Ex-CPD sergeant’s corruption toll: 212 convictions overturned after dozens more thrown out Friday

The Cook County state’s attorney’s office did an about-face Friday and said it would agree to vacating the convictions of an additional 44 people it had initially opposed.


Exoneration Project attorney Josh Tepfer stands with defense attorneys and men who accused corrupt former Chicago Police Sgt. Ronald Watts of framing them for drug charges.

Matthew Hendrickson | Sun-Times

Cook County prosecutors announced Friday they would no longer oppose vacating dozens of remaining convictions tied to corrupt former Chicago Police Sgt. Ronald Watts.

The state’s attorney’s office did an about-face at the hearing after previously stating they were prepared to contest vacating the remaining convictions, which stemmed from felony drug arrests in the early 2000s at the former Ida B. Wells housing project in Bronzeville.

During a hearing at the Leighton Criminal Courthouse, Assistant State’s Attorney Catherine Malloy told Presiding Criminal Division Judge Erica Reddick that although the remaining cases “involved work of officers who have not been impugned in Watts’ nefarious conduct,” her office believed “the participation or unknown interference of Watts and other discredited officers in these arrests and convictions raises concerns about the integrity of these cases” and would no longer contest them.

Attorneys for the men and women whose names have been cleared called it a “historic day” and the “end of an era” in Cook County during which Watts and his crew “did untold damage to a community.”

The convictions represented “over 440 years of sentences in the Illinois Department of Corrections, which damaged untold amounts of lives,” Exoneration Project attorney Josh Tepfer said in the courthouse lobby.

Reddick threw out 44 additional convictions Friday, bringing the total number of overturned convictions in Watts-related cases to 212, the state’s attorney’s office said.

“The work to give relief to Watts’ victims is directly related to our public safety today,” Cook County State’s Attorney Kim Foxx said in a statement after the hearing. “In order to restore trust in the criminal justice system, as prosecutors, we must approach every case with an eye toward the facts, the evidence, and the law.”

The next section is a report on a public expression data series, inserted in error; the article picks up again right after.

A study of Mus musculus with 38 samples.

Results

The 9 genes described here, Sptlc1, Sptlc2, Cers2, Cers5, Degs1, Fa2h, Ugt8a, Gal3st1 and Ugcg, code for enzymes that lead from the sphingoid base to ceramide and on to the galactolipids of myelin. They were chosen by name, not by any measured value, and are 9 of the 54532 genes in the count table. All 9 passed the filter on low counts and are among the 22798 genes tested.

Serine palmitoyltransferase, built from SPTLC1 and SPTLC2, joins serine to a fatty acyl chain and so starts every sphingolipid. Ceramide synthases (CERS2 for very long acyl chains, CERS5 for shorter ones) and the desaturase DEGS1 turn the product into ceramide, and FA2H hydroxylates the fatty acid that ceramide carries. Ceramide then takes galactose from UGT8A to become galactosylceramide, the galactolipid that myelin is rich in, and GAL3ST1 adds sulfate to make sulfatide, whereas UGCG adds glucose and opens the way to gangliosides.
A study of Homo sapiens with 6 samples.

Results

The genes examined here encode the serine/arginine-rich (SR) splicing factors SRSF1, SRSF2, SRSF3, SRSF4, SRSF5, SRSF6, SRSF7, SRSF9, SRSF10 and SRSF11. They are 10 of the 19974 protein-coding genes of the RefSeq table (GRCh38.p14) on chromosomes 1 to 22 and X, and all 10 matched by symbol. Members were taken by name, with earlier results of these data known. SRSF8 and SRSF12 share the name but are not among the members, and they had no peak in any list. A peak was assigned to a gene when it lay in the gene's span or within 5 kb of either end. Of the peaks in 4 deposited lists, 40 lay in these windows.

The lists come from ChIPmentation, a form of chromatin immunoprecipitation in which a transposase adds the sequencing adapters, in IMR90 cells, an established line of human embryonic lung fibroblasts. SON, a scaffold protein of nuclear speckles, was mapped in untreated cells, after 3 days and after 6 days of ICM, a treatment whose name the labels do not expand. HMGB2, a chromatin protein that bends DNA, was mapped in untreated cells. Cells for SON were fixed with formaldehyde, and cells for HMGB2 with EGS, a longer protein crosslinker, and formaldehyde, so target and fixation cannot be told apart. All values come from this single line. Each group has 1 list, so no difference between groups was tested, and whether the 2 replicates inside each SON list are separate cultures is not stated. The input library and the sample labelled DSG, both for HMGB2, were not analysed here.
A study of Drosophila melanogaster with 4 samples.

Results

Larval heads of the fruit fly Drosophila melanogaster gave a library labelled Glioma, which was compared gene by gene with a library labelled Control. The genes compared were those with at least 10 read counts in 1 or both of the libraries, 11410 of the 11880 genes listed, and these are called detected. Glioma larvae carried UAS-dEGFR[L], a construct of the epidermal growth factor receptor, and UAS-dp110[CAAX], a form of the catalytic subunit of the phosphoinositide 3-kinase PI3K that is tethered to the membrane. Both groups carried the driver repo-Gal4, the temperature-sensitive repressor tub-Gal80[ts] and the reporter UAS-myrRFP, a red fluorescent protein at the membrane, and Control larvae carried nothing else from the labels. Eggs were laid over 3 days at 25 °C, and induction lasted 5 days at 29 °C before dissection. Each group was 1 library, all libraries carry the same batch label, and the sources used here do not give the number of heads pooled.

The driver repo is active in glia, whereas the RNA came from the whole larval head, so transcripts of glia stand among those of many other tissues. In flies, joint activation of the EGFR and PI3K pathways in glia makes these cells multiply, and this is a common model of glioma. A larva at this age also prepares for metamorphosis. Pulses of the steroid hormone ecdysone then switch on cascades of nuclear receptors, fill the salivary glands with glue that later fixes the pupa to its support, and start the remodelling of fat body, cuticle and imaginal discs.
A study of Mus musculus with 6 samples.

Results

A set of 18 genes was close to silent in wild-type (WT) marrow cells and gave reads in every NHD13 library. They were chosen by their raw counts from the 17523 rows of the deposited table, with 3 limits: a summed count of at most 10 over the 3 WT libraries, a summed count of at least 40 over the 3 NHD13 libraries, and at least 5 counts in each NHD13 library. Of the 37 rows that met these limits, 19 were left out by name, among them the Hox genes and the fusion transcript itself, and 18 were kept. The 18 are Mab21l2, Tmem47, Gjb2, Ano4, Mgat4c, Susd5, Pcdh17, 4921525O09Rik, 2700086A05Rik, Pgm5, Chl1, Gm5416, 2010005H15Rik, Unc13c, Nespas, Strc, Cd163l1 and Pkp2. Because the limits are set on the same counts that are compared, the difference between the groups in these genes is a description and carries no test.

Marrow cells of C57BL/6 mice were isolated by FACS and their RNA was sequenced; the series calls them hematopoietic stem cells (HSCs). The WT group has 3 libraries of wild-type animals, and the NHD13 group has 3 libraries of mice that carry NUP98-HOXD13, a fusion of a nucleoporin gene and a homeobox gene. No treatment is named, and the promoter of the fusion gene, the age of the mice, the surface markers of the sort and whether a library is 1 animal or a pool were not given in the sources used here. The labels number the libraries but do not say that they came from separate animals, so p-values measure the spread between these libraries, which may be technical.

The first mass exoneration of defendants in Watts-related cases happened in 2017 when 18 convictions tied to 15 people were thrown out in a single hearing.

Last summer, a petition was filed on behalf of 88 people who accused Watts of framing them to push the state’s attorney’s office to take action after defense attorneys became frustrated with how long prosecutors’ review of some of the cases was taking.

Since then, the state’s attorney’s office has announced it would contest overturning some of the convictions, but said it wouldn’t oppose others.

Earlier this month, attorneys for the Watts accusers filed a motion for a summary judgment on behalf of 39 people whose cases prosecutors continued to oppose relief for, arguing that the state’s attorney’s office had not disputed the facts in the cases.

All 88 have now seen their convictions overturned, as well as three additional convictions the state’s attorney’s office said it wouldn’t oppose vacating Friday.

Watts and Officer Kallatt Mohammed pleaded guilty to federal charges in 2013 after they were recorded taking $5,000 from an FBI informant and admitted to routinely extorting money from residents and drug dealers. Watts was sentenced to 22 months in prison and Mohammed received 18 months.

Tyrone Fenton, who went to prison for two years after being framed by Watts, said Friday “Watts came into our neighborhood and terrorized our neighborhood [by] planting drugs on us.”

Fenton, 48, said he didn’t understand why other members of Watts’ crew were still on the force today.

“I would like them to be brought to justice,” Fenton said. “I feel they should be incarcerated as well, and do time just like we did time. ... I think they should be fired.”

Attorney Joel Flaxman urged the city of Chicago to act.

“It’s time for the city to step up and have some real accountability against officers who ... are still on the force, still drawing a paycheck, who have been investigated for years and years and years and we still don’t have any kind of results.”